Lebanese President Michel Aoun on Wednesday revised estimates of material damage caused by the recent explosion in Beirut to $15 billion, in addition to the extensive humanitarian toll the blast took.
The explosion, which occurred the afternoon of August 4, flattened large swathes of the Lebanese capital after 2,750 tons of ammonium nitrate stored in a warehouse reportedly caught fire. As well as the vast material damage, hundreds of thousands of people have also been left homeless.
“Initial estimates of the losses suffered by Lebanon exceed $15 billion, in addition to other material losses, and damage to the port and the need for building materials to rebuild the neighborhoods smashed by the bombing,” Aoun said during a telephone conversation with Spanish King Felipe VI, reports the official Lebanese News Agency.
According to a statement from the Lebanese General Directorate of Security Affairs, at least 3,972 buildings and 4,214 vehicles were damaged by last Tuesday’s explosion. The official death toll has risen to 171, while a further 6,500 were wounded. Around 100 people are still said to be in critical condition.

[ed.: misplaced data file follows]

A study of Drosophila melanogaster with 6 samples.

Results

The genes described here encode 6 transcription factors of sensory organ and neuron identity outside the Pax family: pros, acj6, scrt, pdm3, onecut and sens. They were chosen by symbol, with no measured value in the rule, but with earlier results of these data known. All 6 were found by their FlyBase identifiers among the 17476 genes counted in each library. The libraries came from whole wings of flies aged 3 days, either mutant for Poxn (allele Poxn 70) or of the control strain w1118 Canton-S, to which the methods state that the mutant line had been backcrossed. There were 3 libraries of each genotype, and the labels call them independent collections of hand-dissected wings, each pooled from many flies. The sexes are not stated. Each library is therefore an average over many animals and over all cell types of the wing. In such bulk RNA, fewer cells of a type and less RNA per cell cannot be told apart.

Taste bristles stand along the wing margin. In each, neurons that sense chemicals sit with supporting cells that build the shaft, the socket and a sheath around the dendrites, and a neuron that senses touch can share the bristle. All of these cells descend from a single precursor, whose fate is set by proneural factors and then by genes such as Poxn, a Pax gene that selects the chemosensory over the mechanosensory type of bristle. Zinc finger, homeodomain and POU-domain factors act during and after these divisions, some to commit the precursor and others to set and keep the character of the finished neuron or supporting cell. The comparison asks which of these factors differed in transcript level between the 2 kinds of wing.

Investigations by the World Health Organization (W.H.O.) also determined that around half of the country’s major health facilities were currently “non-functional” as a result of the blast, leading to a shortage of 500 hospital beds at a time of unprecedented crisis.
As of last week, Lebanon had reported around 7,000 coronavirus cases of the Chinese coronavirus, a relatively low figure given its population of around five million. Yet there are now concerns a rapid uptick in the virus at a time when hospitals are already under intense pressure.
The government had ordered a two-stage provisional lockdown at the end of July, but has since scrapped this measure because of the explosion. On Tuesday, the country recorded its highest number of daily cases, with that figure only likely to rise as people ignore social distancing guidelines.
“While we have to still continue to respond to the consequences of the blast, we also need to stay vigilant with respect to Covid [Chinese coronavirus],” said W.H.O. regional coordinator Dr. Richard Brennan.
Before the explosion, Lebanon was already struggling under the pressure of a major economic and political crisis that has left over half its population living below the poverty line. The country is now receiving hundreds of millions worth in financial and humanitarian relief packages from governments, organizations, and individuals determined to help rebuild the city as soon as possible.